Assam's Bodo Territorial Area Districts (BTAD) threaten to hold strikes like Gorkhas if demands not met.

Published: 05th July 2017 03:17 PM  |   Last Updated: 05th July 2017 03:17 PM   |  A+A-

The crisis in Gorkhaland has been brewing for many decades and that stems from language | file photo

Image used for representational purposes only.


Guwahati: As the Gorkha-dominated north Bengal areas continue to reel under a violent campaign for statehood, it seems to have triggered similar sentiments in Assam's Bodo Territorial Area Districts (BTAD) that threaten to destabilise the entire northeast.

"There is a reason why Gorkhas have lost faith in the government. They have been betrayed several times and the current outrage is a result of that. Similarly, in Bodoland also there are some issues, which will escalate soon.

"Despite the Bodoland accord, the promises made therein have not been fulfilled yet. This is leading to a trust deficit in the government," Biswajit Daimary, Bodoland People's Front leader and member of the Rajya Sabha from Assam, told IANS.

He warned of a violent protest, even more intense than the Gorkha agitation, if the current tripartite talks with the government did not yield any results on separate statehood.

He demanded that both the central and Assam governments find a way to create a separate Bodoland sooner than later or be prepared to face never-before difficulties in the days to come.

According to Bodo groups, the creation of a Bodo Territorial Council (BTC), on the lines of Gorkha Territorial Administration (GTA) against the demand of statehood "is a farce" as they were yet to see the transfer of actual power under which the community could prosper.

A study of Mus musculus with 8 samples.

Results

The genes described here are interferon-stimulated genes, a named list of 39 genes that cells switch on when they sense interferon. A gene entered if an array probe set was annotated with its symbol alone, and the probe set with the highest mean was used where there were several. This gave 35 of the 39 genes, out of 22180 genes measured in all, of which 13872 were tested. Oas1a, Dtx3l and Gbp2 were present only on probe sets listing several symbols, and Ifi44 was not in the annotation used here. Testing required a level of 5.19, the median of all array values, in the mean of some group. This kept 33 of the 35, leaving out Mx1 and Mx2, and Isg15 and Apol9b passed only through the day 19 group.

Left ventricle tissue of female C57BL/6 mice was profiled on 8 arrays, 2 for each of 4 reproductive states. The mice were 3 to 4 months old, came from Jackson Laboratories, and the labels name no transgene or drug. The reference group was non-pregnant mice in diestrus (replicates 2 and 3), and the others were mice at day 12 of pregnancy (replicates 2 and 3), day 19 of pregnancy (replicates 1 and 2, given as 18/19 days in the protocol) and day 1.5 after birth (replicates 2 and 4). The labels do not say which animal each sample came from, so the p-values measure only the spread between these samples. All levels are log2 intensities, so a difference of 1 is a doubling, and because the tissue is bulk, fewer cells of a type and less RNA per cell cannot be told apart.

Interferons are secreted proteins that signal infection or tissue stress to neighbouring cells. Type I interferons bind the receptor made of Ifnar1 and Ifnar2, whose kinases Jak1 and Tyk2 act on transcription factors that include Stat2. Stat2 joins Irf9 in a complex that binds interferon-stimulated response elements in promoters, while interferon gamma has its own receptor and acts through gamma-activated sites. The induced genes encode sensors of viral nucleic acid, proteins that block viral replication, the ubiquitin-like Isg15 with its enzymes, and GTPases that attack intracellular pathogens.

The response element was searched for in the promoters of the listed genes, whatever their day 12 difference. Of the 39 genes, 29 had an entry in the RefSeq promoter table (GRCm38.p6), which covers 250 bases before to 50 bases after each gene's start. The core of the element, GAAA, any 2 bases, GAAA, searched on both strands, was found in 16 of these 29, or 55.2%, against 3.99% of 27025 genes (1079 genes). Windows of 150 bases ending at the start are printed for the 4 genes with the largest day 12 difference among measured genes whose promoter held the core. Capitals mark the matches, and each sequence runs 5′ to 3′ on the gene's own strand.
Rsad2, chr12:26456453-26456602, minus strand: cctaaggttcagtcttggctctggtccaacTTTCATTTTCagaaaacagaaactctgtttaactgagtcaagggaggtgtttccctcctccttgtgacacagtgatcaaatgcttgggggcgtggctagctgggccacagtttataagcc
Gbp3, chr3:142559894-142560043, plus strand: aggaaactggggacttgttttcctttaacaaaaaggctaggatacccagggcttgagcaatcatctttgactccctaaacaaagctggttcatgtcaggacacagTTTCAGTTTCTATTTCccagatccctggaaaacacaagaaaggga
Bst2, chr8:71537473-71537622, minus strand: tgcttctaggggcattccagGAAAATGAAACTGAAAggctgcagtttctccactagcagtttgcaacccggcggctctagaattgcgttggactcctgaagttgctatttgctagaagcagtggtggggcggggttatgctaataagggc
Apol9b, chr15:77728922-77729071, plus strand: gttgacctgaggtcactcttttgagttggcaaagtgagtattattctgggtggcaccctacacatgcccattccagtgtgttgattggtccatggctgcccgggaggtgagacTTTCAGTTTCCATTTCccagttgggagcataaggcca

Gorkha-majority areas in West Bengal -- Darjeeling, Kalimpong and Kurseong -- are witnessing violent protests as the Gorkha Janmukti Morcha (GJM), which is spearheading the separate statehood campaign, recently revived the movement. Although a long-standing demand, a fresh agitation erupted after the West Bengal government tried to make Bangla mandatory in schools across the state.

Similarly, the five-decade-old Bodoland issue has also witnessed fresh agitations against the government since 2016, after years of silence. The leaders accuse the government of betrayal.

Bodos -- Assam's biggest tribal community -- claim the Bharatiya Janata Party (BJP) was not even ready to discuss the issue of Bodoland any more despite making promises in this regard during the 2014 elections. Bodo leaders claim they were rebuffed by BJP leaders whenever they tried to approach them in the past one year.

Calling the GTA and the BTC "unconstitutional" as the actual powers had not been transferred to the bodies, Biswajit Daimary said that promises -- such as creation of various departments and various posts under the BTC -- were yet to be fulfilled even after over a decade of the creation of the BTC.

"Not meeting the promises is what has anguished Bodos. Creation of posts and departmental offices are not the works of the BTC but the central and state governments," said Biswajit Daimary, adding that if this attitude continued, a movement similar to the one by Gorkhas was the next course.

"The current Gorkha-type situation will definitely arise in BTAD. The state and the Centre will have to face the consequences," said Biswajit Daimary.

Former rebel leader and chief of the National Democratic Front of Bodoland (R) Ranjan Daimary said: "Long before the Gorkhaland movement, the Bodos started the movement for a separate state some 50 years ago.

"If things are not decided in our favour, then it will be more difficult and more problematic in the days to come," Ranjan Daimary told IANS on the phone.

Pointing out that it was for the sake of a separate state that some Bodo groups had taken up arms, Ranjan Daimary stated that if coming to the negotiation table with the government did not work, things would be worse than what was happening in the Darjeeling hills.